If India buying oil from Russia, ‘we also have a right’, minister says as Pakistan aims to preserve its shrinking forex.
Pakistan is considering buying discounted Russian oil, its finance minister has said, as he sought to allay concerns that the country might need to reschedule its Paris Club debt following devastating floods.
Credit agency Moody’s cut Pakistan’s sovereign rating by one notch on October 6, citing increased liquidity and external vulnerability risks caused by the floods’ economic impact, in a decision strongly contested by the government.
Economists have said Pakistan will have to explore all options to raise and save on its foreign reserves, which have fallen to around one month of imports that consist largely of oil and gas purchases.
Asked if Pakistan might turn to cheap Russian oil, Finance Minister Ishaq Dar told reporters: “We’re definitely considering it. If India is buying oil from Russia, we also have a right [to do so].”
The Group of Seven richest economies has been trying to enforce a price-capping mechanism on Russian oil exports by December 5, when European Union sanctions banning seaborne imports of Russian crude come into force.
Prime Minister Shehbaz Sharif has appealed for debt relief from the Paris Club, but Dar said on Wednesday that Pakistan would not seek a restructuring from that group of creditor nations, and neither would it default.
“We can, God willing, manage [to meet our fiscal commitments],” he told a conference in Islamabad. “I assure you, you don’t need to worry.”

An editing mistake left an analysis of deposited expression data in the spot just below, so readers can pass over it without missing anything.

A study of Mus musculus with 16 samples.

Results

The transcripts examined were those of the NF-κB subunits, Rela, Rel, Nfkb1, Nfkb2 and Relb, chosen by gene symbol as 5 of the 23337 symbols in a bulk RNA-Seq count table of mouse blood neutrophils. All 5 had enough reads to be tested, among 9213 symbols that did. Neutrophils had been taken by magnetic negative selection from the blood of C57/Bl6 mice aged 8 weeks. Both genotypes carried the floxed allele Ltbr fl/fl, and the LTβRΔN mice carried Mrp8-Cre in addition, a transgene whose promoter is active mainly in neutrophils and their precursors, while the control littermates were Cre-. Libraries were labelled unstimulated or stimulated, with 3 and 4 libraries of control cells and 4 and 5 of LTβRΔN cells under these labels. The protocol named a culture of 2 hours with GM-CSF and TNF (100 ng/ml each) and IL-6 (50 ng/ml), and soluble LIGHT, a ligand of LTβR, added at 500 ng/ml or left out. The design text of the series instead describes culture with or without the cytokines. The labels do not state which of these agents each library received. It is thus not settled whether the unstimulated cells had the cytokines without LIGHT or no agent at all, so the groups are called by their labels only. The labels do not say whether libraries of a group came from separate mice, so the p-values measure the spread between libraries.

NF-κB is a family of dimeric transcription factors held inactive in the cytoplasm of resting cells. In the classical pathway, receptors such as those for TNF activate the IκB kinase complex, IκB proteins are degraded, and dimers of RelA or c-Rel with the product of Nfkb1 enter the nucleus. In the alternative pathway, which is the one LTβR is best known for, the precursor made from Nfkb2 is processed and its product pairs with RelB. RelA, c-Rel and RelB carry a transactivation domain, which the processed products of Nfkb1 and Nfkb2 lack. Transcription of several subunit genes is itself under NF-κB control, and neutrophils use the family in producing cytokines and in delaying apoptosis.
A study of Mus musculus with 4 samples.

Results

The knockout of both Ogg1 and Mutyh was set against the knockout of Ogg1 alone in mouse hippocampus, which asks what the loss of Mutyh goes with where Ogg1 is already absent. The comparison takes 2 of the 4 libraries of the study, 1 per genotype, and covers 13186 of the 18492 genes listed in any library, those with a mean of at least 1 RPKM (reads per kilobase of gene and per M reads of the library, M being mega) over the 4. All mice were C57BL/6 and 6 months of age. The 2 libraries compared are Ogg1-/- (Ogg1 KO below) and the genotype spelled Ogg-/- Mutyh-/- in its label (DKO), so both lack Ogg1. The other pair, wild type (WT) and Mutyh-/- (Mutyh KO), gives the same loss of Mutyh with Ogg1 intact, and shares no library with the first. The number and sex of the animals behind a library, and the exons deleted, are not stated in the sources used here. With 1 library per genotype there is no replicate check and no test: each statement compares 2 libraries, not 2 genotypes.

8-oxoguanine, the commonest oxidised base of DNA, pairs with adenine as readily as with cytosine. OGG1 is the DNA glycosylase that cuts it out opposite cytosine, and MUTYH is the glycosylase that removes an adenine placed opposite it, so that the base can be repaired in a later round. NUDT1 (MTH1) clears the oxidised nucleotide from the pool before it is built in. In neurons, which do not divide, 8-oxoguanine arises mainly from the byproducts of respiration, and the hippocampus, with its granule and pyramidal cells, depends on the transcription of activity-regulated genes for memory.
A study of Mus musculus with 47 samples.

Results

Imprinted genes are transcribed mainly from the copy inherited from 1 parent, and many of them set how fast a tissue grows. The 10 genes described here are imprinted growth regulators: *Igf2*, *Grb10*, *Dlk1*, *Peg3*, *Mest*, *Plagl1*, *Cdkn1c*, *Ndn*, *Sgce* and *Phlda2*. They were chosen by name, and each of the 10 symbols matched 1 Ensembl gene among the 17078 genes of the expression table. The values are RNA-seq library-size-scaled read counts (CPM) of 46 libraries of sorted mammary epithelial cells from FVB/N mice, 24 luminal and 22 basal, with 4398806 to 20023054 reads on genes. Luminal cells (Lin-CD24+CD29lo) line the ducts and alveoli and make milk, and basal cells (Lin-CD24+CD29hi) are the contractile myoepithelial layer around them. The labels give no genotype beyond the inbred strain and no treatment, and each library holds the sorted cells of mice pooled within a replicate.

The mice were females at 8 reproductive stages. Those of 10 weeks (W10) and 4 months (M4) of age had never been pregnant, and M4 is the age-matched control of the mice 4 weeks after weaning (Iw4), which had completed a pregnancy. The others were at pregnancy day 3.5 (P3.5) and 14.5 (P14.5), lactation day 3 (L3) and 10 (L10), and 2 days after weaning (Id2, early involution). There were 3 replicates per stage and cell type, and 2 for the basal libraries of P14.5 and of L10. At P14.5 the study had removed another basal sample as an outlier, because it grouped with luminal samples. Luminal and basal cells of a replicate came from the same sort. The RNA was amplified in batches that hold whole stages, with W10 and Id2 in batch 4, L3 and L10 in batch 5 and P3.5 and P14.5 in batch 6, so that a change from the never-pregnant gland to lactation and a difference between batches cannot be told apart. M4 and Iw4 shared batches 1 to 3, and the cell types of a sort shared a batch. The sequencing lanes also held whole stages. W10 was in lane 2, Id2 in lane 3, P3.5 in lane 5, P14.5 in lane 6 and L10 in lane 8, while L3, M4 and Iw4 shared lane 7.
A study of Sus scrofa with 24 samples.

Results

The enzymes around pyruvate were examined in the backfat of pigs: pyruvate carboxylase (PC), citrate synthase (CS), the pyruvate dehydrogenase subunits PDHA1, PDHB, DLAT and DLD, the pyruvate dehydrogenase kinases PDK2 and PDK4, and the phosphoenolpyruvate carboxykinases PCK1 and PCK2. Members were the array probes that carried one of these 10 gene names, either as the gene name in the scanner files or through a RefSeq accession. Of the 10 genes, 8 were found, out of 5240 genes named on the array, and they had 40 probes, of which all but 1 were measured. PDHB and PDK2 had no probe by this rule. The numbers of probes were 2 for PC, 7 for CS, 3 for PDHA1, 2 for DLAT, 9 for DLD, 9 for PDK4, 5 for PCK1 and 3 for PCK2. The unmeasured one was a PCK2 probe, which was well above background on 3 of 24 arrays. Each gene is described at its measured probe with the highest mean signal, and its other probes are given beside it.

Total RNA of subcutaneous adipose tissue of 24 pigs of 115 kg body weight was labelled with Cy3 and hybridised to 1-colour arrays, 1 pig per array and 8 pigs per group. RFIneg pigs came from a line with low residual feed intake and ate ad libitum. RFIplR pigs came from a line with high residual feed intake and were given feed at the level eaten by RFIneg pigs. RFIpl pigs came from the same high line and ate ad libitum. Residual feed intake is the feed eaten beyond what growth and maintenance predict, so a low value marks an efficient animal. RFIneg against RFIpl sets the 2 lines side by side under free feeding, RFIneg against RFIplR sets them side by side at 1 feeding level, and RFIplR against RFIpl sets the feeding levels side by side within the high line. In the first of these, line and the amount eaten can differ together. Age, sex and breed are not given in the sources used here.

Pakistan’s economy, already in turmoil with a rising current account deficit, more than 20 percent inflation and a massive rupee depreciation, has been further weakened by the floods, whose economic impact is estimated at more than $30bn.
Dar, who told Reuters in an interview last week that Pakistan will seek a restructuring of bilateral debt worth $27bn, also said Pakistan repay a $1bn Eurobond that matures this year.
He met credit rating agencies and US administration officials last week at the International Monetary Fund and World Bank annual meetings.
Dar is the latest in a line of finance ministers in the beleaguered South Asian nation. He replaced late last month Miftah Ismail, who was Pakistan’s fifth finance minister in about four years and lasted only six months. This is the fourth time that Dar, a veteran politician and a chartered accountant, has been given this portfolio.